Methoxetamine: Cousin of Ketamine

The characterization of methoxetamine, a ketamine analog, and how its action on the serotonin system sets it apart.


Ketamine has quickly risen to fame following the discovery of its antidepressant effects. Other compounds with similar pharmacology and classification have become of interest for their potential antidepressant effects as well, but their dissociative properties may lead to unwanted side effects.

New compounds tend to pop up on the black/grey market as designer drugs. Compounds that appear in these markets are considered New Psychoactive Compounds and are often reported to the United Nations Office of Drug Control and investigated for their effects to determine if they are a public health concern.1

One such compound, methoxetamine (MXE), is a hallucinogenic dissociative that is similar to phencyclidine (PCP) and ketamine.1 MXE appeared in the drug markets as early as 2011-2012,2 but since 2016 has been almost non-existent. Despite this decrease in prevalence, it has been a continued drug of interest by multiple research groups, most likely due to its close relation to PCP and ketamine.

What is Methoxetamine, and What Does It Do In the Brain?

Classified as a hallucinogenic dissociative, MXE is part of the arylcyclohexylamine class and is structurally related to ketamine and analogs of PCP.2-4 In 2013, Dr. Bryan Roth et al, investigated the neurochemical profile of MXE and found that it binds to glutamate NMDA receptors with significant affinity, as well as the serotonin transporter, SERT, but with lower affinity.5 Glutamate controls the excitatory signaling in the brain, specifically in areas associated with learning and memory.

The major idea behind ketamine’s antidepressant effects is that by blocking activity at these NMDA receptors, it increases the activity at other receptors, increasing plasticity.6 The activity of MXE at the glutamate receptor is similar to that of ketamine. Serotonin is implicated in the pathophysiology of several mood disorders, and SERT is the main target of commonly prescribed antidepressant medication.4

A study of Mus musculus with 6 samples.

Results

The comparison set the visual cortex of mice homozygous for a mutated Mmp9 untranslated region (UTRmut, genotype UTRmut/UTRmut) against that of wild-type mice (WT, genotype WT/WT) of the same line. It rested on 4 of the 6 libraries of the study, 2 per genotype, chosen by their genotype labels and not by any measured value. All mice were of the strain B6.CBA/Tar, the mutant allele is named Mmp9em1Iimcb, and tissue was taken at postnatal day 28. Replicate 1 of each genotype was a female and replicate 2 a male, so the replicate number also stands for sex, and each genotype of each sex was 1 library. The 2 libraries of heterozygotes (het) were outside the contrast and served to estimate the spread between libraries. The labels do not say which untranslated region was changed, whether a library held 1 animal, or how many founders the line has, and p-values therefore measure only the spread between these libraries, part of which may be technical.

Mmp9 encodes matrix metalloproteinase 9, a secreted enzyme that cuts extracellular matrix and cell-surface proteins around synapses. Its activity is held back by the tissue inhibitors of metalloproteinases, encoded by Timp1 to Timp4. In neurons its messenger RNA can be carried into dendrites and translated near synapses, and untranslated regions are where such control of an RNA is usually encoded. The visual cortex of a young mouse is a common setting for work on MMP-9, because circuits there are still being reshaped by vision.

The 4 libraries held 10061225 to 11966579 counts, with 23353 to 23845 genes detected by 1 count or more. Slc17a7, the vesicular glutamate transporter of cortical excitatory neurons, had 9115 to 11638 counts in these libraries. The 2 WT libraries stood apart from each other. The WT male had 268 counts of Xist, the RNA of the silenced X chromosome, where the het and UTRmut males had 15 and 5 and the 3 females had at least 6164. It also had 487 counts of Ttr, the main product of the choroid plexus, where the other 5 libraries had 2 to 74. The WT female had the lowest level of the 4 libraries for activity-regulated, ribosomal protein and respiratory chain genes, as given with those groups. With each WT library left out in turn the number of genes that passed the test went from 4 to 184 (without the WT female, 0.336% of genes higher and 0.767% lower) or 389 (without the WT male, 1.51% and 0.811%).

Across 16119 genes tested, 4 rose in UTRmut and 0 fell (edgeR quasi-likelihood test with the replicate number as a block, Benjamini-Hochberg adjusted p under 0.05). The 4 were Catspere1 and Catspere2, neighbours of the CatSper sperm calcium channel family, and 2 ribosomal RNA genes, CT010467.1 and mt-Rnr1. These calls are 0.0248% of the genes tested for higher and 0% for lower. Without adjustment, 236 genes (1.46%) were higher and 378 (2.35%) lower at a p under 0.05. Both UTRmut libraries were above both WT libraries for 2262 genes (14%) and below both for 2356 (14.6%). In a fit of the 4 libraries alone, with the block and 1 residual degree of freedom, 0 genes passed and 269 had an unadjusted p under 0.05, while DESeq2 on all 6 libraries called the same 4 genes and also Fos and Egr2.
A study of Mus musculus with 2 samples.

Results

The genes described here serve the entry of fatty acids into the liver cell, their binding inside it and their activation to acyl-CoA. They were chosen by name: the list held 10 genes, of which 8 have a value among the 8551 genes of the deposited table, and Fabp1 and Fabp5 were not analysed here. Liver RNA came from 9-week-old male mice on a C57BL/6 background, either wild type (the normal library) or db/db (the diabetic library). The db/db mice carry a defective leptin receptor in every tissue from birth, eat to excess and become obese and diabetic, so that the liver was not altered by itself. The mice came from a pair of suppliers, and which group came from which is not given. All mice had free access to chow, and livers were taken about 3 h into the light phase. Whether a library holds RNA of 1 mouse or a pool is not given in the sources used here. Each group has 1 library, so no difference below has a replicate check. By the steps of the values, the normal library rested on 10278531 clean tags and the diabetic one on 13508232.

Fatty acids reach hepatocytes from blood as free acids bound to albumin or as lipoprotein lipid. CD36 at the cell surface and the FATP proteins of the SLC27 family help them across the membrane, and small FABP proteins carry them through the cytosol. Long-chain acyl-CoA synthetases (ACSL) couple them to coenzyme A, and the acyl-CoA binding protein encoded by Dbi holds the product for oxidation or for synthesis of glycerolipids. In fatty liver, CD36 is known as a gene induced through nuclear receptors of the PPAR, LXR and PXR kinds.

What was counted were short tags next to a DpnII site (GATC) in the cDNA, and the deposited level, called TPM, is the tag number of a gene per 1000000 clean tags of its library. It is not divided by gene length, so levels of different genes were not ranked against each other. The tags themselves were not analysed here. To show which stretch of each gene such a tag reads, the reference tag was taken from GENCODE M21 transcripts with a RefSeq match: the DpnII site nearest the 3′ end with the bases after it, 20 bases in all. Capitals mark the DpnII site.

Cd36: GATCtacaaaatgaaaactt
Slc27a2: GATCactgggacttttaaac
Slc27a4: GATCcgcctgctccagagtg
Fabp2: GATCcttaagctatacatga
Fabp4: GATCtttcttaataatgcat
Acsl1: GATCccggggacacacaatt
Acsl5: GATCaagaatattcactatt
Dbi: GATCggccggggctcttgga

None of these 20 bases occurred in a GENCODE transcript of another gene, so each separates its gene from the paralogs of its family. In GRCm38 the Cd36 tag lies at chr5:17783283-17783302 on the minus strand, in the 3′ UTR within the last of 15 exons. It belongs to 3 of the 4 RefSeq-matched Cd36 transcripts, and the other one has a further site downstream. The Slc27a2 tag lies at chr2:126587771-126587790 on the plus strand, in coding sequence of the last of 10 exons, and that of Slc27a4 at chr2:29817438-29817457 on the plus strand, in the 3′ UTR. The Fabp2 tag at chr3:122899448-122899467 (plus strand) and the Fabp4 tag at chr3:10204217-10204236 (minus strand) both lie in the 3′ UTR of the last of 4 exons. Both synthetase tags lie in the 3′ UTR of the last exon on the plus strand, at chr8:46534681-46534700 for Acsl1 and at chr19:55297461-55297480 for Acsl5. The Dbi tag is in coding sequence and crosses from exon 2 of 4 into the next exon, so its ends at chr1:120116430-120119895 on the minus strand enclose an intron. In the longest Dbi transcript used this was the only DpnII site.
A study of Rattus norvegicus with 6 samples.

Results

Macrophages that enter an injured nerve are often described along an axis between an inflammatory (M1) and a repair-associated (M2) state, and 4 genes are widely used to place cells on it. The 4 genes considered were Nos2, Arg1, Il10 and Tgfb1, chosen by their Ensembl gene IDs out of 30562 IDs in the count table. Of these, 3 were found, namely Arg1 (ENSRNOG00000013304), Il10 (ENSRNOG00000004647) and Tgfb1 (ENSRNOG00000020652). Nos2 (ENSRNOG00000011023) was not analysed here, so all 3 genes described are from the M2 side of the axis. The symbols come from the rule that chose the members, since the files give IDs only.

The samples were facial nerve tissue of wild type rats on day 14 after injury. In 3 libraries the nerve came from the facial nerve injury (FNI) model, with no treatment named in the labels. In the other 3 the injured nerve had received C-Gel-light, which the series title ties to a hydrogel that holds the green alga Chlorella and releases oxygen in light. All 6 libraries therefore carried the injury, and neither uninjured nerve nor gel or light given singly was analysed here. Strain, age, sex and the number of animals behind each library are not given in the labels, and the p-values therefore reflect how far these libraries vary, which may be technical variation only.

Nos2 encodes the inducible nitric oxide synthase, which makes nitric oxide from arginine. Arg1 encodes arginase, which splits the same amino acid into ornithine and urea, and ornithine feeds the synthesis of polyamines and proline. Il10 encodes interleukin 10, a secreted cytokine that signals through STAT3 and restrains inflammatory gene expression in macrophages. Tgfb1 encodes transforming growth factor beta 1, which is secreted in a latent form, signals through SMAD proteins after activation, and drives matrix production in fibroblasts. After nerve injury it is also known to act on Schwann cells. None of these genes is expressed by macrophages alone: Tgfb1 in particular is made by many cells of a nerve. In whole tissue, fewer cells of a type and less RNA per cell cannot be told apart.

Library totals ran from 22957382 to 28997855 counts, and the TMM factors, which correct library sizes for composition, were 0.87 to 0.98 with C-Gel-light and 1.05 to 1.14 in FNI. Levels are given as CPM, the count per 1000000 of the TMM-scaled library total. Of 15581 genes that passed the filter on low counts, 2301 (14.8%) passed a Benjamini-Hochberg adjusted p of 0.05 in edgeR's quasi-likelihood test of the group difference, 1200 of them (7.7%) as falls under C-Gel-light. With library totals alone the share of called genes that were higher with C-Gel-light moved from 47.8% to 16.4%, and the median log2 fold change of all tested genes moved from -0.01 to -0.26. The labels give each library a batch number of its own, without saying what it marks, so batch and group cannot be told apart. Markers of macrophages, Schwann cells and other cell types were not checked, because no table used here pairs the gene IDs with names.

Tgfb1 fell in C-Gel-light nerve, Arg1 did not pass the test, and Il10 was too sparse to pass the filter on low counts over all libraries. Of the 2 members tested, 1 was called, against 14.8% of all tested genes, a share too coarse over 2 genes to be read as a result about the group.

Physiological and Psychological Effects of MXE

The effects of any substance can vary depending on dose, route of administration, and other factors. Generally, small doses of MXE produce euphoria, empathy, enhanced pleasant sensory experiences, dissociation or out of body experiences, hallucinations, and some antidepressant-like effects.1 Physiological effects can include dizziness, increased heart rate, nausea, vomiting, paranoia, difficulty speaking, and motor effects. Higher doses or prolonged use can cause more serious aversive side effects like cardiovascular problems, respiratory issues, memory loss, speech difficulty, kidney damage, and increased anxiety and depressive symptoms. MXE also has abuse potential due to the ability to acquire tolerance and dependence.1-3

Investigating Methoxetamine for Antidepressant Effects

Despite MXE being extremely rare to find through internet vendors since 2016, its existence has spiked interest in the research community. This is probably due to the finding of ketamine’s ability to produce rapid and long-lasting antidepressant effects in both humans and rodent models.6 Due to its structural and pharmacological similarity to ketamine, MXE been investigated for anti-depressive properties in rodent models.

Studies by multiple groups have shown that low doses of MXE produce rapid and sustained antidepressant effects in multiple behavioral experiments.5,7 These effects have been reported to be similar to ketamine, but both drugs still cause adverse side effects like dissociation. A study from 2017 found a dose-related effect of MXE on motor activity, anxiety, and depression-like behavior.8 One thing that sets MXE apart from ketamine is the action on the serotonin system. Since MXE binds to SERT, it may display properties similar to common pharmacotherapies to treat depression.

In 2019, one group investigated the potential anti-depressant effects of MXE and some of its analogs and their relation to ketamine.9 Overall, they found some antidepressant behavioral effects with these analogs and the authors believe the compounds are acting through a similar mechanism.


As of now, preclinical and clinical data are not sufficient to support MXE as an antidepressant, and further research is needed to elucidate the effects on the serotonin and glutamate systems, as well as potential adverse effects. What scientists understand right now is that methoxetamine and ketamine are both closely related in their neurochemical effects, but further understanding of MXE continues to remain elusive.

Alaina is a PhD student in pharmacology at Virginia Commonwealth University. Her research focuses on behavioral changes and circuitry of psychedelics involved in preclinical models of addiction and depression.